Chasing mobile search results

“Some outlets will even choose what stories to cover based on anticipated search demand, walking the increasingly fine line between service journalism and content farming.”

In 2016, we talked a lot about the rise of off-platform publishing, and what that would mean for the future of news. Facebook Instant Articles, announced in 2015, rolled out to more major sites this year, including platforms like Medium. And Google’s Accelerated Mobile Pages, announced in February of this year, quickly came to account for a huge percentage of publishers’ pageviews. In 2017, the share of journalism that is consumed in Google AMP (instead of on publishers’ websites) could pass 30 percent — even as smaller publishers get on board and the easy search wins start to dry up.

helen-havlakGoogle AMP has some obvious advantages over traditional websites. For users, they load much faster than outdated mobile sites and eliminate the infuriating popup ads those sites often contain. Publishers benefit from the faster load times as well, since site speed impacts their SEO ranking. And publishing in the format puts the article in the AMP carousel at the top of mobile search results, giving it a powerful traffic boost.

The easy, AMP-driven search traffic has been particularly intoxicating because Facebook is no longer a firehose of referrals. Two years ago, Facebook made up 60 percent or even 80 percent of some publishers’ traffic. Then Facebook began emphasizing native video over article content, and in June, it updated its algorithm to prioritize family or friends over brands and publishers. Within months, Facebook-dependent publishers like Elite Daily became “essentially worthless.” A lot of sites, The Verge included, have made up for that lost Facebook traffic with increased search pageviews — and have seen AMP as a powerful weapon to boost our rankings.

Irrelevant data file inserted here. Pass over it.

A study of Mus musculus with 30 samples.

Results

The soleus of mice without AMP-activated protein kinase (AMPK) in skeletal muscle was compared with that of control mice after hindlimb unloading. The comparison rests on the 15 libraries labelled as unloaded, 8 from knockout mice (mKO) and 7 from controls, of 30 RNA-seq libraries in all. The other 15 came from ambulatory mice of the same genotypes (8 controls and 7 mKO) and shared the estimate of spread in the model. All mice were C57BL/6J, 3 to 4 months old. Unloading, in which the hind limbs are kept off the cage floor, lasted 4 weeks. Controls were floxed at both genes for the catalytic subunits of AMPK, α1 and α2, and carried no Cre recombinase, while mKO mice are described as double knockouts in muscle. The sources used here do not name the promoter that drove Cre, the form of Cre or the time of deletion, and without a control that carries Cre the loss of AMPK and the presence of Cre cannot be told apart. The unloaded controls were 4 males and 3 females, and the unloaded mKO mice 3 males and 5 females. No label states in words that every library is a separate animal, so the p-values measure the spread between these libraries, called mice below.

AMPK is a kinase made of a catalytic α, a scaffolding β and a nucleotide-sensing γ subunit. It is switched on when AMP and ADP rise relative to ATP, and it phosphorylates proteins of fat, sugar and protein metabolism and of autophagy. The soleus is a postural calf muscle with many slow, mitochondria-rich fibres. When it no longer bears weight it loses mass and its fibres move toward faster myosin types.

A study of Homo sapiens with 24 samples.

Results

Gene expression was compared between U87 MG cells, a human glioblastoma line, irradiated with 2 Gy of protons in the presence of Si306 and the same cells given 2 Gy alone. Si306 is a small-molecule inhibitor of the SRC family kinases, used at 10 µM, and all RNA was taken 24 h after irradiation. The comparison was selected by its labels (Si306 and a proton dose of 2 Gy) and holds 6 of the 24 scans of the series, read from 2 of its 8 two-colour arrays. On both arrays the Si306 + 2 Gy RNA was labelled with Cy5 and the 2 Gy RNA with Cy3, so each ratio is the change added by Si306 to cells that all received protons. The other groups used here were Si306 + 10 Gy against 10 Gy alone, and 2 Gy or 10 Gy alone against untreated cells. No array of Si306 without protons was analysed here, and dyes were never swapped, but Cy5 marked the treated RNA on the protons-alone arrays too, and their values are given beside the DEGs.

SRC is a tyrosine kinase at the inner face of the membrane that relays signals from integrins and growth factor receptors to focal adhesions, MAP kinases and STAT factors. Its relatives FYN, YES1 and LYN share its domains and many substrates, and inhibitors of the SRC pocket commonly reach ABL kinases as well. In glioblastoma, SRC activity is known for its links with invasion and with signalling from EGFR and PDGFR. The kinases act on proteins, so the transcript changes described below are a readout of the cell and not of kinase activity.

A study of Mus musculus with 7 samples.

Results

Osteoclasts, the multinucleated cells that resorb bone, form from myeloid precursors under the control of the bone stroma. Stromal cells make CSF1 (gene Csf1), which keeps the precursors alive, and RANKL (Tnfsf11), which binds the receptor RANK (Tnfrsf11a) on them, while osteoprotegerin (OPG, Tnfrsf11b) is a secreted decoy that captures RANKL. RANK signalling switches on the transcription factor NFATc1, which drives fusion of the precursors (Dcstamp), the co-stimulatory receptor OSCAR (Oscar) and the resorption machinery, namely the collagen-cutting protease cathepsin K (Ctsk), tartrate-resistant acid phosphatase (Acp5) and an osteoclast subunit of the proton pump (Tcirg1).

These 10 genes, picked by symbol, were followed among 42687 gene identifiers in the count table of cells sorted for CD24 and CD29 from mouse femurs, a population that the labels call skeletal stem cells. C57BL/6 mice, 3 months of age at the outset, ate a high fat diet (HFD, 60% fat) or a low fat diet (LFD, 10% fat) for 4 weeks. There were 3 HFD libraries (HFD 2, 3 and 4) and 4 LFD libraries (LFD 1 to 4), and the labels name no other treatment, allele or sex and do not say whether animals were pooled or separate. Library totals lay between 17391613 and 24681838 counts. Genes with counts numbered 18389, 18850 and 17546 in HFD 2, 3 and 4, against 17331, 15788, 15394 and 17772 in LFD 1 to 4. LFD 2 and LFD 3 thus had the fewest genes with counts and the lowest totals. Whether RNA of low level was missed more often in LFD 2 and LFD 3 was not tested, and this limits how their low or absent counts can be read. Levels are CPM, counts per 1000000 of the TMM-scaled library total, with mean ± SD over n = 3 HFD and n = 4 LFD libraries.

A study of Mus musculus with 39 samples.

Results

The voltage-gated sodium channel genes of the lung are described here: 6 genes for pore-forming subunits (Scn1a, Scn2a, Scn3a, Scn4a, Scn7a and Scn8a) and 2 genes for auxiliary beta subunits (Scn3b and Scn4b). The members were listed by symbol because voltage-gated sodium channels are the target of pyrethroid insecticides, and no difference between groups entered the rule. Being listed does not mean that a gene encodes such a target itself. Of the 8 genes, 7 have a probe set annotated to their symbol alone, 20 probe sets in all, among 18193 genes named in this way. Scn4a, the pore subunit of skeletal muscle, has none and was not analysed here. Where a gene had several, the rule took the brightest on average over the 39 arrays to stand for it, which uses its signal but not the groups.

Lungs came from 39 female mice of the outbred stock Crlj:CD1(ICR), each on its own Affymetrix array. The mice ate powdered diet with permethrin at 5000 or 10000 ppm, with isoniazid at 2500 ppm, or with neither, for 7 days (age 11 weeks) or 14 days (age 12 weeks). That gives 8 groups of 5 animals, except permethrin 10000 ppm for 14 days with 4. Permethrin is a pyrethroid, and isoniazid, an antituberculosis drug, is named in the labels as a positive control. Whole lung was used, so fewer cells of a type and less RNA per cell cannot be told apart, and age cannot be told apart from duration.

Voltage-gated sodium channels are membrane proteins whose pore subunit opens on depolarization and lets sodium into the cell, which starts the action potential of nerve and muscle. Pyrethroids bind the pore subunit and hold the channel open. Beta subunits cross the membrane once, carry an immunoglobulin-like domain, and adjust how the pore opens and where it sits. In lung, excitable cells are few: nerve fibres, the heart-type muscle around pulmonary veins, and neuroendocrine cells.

The rise in mobile search traffic doesn’t show any signs of slowing down, even if Google’s algorithms shift. It’s prohibitively expensive to get someone to download an app — much less put it on their home screen — but most home screens still include a mobile search bar or browser. By optimizing news to deliver against search results, you can reach an enormous number of new readers. Some outlets will even choose what stories to cover based on anticipated search demand, walking the increasingly fine line between service journalism and content farming. As more publishers get on AMP and the SEO playing field equalizes, it will become harder to resist those temptations.

Google AMP presents other dangers, too. Publishers have less control over the appearance of their work on other platforms. Because all stories look basically the same in Google AMP, the platform can lend false credibility to hoaxes. As Kyle Chayka wrote recently on The Verge, “In a platform world, all publishers end up looking more similar than different. That makes separating the real from the fake even harder.” A Google-mediated news experience makes it harder to stand out, and harder to build a reputable brand.

In September, AMP passed 10 percent of The Verge’s total pageviews and 30 percent of our search pageviews. Next year, that number will keep growing, and we’ll face the same difficult questions as other publishers. When a user lands on an AMP page via mobile search, we have to develop new ways get them to stick around. Once they have what they came for, how do we send them to an important story that doesn’t fit a search niche? And how can we then convert them into a loyal reader?

Helen Havlak is engagement editor at The Verge.